Are private investigator findings admissible in court?
Note: the following article is not legal advice. You should consult a competent attorney before taking any of the advice below.
Private investigators spend the majority of their time digging up evidence to support their client’s cases. These cases often go to court and the evidence dug up by the private investigator is often presented as a support to that case. So the answer to the question, “Are private investigator findings admissible in court?”is YES.
Yes, private investigator findings are admissible in court.
This only applies if the findings were obtained legally. Illegally obtained evidence is not usually admitted into court proceedings. Some examples of illegally obtained evidence include:
- Evidence obtained by an unlicensed private investigator
- Evidence obtained by tapping a phone line
- Evidence obtained by cracking a computer password
- Evidence obtained by breaking and entering
- Evidence obtained by threatening someone
Essentially, if a law had to be broken to obtain the evidence it’s most likely illegally obtained evidence and that is not admissible in court (usually).
There is a Federal Law governing evidence admissibility and it’s known as the Federal Rules of Evidence. From their website: “The Federal Rules of Evidence were adopted by order of the Supreme Court on Nov. 20, 1972, transmitted to Congress by the Chief Justice on Feb. 5, 1973, and to have become effective on July 1, 1973.”
We once saw a judge in Georgia allow audio recordings to be played that were obtained illegally. This is a very rare situation. The husband had installed an extension on the house phone and had connected a recorded to that extension line. He then was able to capture recordings of his wife talking to her lover. Although this evidence was illegally obtained the judge allowed the recordings to be played in open court.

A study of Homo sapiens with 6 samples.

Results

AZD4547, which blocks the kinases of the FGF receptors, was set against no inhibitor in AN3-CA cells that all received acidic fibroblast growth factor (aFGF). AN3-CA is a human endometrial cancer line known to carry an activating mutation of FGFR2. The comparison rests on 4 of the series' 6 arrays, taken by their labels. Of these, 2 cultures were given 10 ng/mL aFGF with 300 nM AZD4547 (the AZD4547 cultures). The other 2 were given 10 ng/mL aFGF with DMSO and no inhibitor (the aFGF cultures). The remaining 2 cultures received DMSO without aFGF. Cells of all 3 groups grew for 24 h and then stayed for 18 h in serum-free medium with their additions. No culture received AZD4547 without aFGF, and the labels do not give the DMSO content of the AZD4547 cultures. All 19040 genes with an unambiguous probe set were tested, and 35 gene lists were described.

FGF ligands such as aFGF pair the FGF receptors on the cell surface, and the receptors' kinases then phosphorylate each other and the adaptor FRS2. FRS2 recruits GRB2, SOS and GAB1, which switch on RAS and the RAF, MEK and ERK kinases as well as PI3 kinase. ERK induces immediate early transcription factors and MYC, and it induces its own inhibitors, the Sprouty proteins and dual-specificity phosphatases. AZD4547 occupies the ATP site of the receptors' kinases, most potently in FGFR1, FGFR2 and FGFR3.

An attorney is the best person to ask if you want to know whether a private investigator’s findings are admissible in a court of law. Attorneys are trained in the law and if you’re looking for a competent attorney you can view a list of them here.
The most common reason evidence might be excluded from a private investigators findings is that the private investigator was actually not licensed. States issue licenses to private investigators usually through the Secretary of State or though the State Police department for that state. You should always make sure you are dealing with a properly licensed private investigator if you want to have their findings be admissible in court. You can see what an actual valid license looks like here.
We know that when you’re going to court you want everything to go smoothly, so it’s not unusual to ask are private investigator findings admissible in court. You don’t want any evidence that can support your case to be thrown out because it was either illegally obtained or if it was obtained by an unlicensed private investigator.
If you are looking for an affordable licensed private investigator, with 20 years of experience assisting individuals, attorneys and corporations feel free to contact us here. You can also view a portion of our extensive client list here, and see what actual clients say about us here.